May 25, 2024

…and then? (beta – may be improved later)

I am always looking for ways to help teachers be more intentional and create deeper learning experiences for their students. Today, through the haze of Bombay Belly, I had an epiphany that may help you in similar learning situations.

Authentic project-based learning is in my humble opinion incompatible with curricular tricks like, Understanding by Design, where an adult determines what a children should know or do and then gives the illusion of freedom while kids strive to match the curriculum author’s expectation.

I view curriculum as the buoy, not the boat and find that a good idea is worth 1,000 benchmarks and standards.

Whether you agree with me or not, please consider my new strategy for encouraging richer classroom learning. I call it, “…and then?”

It goes something like this. Whenever a teacher asks a kid or group of kids to participate in some activity or engage in a project, ask, “..and then?” Try asking yourself, “..and then?” while you teach.

For example, when the kindergarten teacher has every child make a paper turkey or a cardboard clock, ask, “…and then?” This is like an improvisational game that encourages/requires teachers to extend the activity “that much” further.

You ask first graders to invent musical instrument. Rather than being content with the inventions, ask, “…and then?” You might then decide to:

  1. Ask each kid to compose a song to be played on their instrument
  2. Teach their song to a friend to play on their invented instrument
  3. The next day ask the kids to play the song they were taught yesterday from memory
  4. When they can’t remember how, you might ask each “composer” to write down the song so other players can remember it
  5. This leads to the invention of notational forms which can be compared and contrasted for efficacy or efficiency. This invention of notation leads to powerful ideas across multiple disciplines.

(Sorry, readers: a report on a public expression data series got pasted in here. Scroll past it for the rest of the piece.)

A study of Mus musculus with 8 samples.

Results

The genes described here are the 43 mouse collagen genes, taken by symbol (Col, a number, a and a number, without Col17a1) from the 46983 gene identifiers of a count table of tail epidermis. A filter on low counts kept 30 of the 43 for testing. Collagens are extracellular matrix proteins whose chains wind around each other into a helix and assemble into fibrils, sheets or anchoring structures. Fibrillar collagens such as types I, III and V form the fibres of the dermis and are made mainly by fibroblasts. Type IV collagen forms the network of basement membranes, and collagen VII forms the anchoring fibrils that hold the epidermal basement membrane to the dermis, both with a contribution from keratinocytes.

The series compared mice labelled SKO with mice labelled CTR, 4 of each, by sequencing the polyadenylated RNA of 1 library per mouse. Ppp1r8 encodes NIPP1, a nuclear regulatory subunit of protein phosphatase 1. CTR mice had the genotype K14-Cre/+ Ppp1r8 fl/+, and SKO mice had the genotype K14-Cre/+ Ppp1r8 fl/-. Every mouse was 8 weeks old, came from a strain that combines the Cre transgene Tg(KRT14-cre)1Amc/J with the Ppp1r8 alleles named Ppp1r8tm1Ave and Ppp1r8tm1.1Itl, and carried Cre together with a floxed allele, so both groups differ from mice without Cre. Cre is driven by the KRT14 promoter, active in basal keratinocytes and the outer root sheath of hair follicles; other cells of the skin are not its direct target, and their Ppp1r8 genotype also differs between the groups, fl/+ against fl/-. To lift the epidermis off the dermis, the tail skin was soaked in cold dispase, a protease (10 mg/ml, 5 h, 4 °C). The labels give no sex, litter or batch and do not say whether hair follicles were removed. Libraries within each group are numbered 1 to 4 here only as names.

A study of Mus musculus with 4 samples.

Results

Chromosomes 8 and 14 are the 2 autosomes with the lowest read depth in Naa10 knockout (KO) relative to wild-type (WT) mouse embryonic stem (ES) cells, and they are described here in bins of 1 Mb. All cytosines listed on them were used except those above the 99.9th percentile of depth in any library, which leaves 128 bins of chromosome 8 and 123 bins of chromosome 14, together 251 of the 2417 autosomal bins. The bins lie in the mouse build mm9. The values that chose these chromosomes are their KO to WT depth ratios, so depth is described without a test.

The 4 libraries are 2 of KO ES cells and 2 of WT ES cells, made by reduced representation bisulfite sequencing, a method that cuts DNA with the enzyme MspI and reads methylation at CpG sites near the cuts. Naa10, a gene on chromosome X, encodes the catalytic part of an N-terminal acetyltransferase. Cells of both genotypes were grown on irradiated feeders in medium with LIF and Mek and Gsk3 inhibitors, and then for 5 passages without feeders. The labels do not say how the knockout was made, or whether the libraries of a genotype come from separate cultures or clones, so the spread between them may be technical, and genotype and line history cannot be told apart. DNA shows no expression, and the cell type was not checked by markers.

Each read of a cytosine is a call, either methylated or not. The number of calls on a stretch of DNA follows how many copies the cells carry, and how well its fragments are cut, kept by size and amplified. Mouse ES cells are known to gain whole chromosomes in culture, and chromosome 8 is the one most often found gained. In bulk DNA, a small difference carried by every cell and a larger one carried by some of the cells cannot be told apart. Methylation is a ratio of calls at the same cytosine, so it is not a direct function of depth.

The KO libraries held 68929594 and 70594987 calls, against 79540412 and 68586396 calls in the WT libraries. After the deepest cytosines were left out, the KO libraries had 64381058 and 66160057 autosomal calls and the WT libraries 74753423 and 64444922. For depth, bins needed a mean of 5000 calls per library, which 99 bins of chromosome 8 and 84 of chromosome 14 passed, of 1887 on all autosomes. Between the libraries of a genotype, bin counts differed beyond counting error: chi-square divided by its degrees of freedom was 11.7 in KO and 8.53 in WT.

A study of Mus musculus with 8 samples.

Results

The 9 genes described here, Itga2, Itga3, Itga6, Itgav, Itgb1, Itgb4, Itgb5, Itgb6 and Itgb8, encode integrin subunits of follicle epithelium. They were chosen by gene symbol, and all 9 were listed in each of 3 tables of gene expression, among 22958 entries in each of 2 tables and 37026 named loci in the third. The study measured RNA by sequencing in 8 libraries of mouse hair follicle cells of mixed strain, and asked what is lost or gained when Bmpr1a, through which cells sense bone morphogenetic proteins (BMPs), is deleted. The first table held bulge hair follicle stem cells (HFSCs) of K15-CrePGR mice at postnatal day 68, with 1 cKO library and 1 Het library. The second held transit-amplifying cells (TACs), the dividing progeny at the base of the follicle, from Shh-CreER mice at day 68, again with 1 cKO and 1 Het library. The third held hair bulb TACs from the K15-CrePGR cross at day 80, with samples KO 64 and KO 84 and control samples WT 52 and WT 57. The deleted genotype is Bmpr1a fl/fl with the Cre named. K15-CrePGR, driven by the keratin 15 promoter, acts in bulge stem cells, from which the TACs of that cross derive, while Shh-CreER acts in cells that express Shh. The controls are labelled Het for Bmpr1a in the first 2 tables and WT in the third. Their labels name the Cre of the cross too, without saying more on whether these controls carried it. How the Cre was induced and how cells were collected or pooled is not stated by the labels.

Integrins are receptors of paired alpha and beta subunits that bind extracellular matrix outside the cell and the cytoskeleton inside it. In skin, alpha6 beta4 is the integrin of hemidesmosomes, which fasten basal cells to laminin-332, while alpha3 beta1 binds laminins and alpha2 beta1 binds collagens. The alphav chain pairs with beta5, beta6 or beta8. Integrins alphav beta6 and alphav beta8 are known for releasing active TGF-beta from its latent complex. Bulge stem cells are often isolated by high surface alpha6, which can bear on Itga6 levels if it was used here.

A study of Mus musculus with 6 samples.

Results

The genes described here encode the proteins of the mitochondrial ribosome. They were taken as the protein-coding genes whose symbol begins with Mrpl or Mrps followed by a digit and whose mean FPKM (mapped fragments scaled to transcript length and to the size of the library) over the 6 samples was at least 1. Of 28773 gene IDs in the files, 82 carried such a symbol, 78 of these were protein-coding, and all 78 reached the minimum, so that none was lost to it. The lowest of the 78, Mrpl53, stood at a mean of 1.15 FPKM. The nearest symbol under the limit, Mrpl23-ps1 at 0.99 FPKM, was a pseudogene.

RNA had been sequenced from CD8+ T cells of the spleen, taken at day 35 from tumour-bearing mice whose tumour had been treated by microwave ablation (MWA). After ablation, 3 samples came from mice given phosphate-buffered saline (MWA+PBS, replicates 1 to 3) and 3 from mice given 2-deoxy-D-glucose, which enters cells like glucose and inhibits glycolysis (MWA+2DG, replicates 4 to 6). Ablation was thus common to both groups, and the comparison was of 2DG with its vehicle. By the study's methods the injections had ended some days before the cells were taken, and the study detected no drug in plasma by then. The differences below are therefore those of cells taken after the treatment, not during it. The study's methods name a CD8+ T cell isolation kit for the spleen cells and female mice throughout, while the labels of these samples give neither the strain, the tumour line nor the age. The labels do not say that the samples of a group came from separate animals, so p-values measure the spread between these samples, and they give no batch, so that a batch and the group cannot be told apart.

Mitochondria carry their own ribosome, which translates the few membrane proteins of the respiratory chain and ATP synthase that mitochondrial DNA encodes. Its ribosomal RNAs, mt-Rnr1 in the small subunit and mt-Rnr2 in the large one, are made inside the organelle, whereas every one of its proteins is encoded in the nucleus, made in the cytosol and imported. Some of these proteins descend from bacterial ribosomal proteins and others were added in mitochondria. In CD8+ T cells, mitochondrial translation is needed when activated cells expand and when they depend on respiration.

I think, “…and then?,” has application at any age and across any subject area.

Try it for yourself and let me know what you think!

4 thoughts on “…and then? (beta – may be improved later)

  1. I loved the analogy of buoys and boats! I go through the “and then…” process in my workshop designs, but haven’t shared it with the teachers. I will now!

  2. PBL without a purpose for the task isn’t high quality PBL and it seems that is what you’re getting at here. In my work with teachers I always push for the Driving Question to include a “how can we do_________” (task) and a “so that_______” (purpose). They might distill it to a more kid friendly version afterwards but it’s vital to have a why for the work their doing that is connected to the audience.

  3. Drew,

    Thanks for your response. I’m not as enthusiastic about driving questions, especially when they presuppose a predicted or predictable outcome. I also don’t wish to burden kids with process questions when it interferes with them DOING something.

    That said, teachers need to be in the business of understanding the thinking of their kids and have the lightning fast skills required to take an activity even deeper than they may have anticipated.

    I actually admire the spirit shared in this article by Constructing Modern Knowledge 2012 guest speaker, Casey Neistat.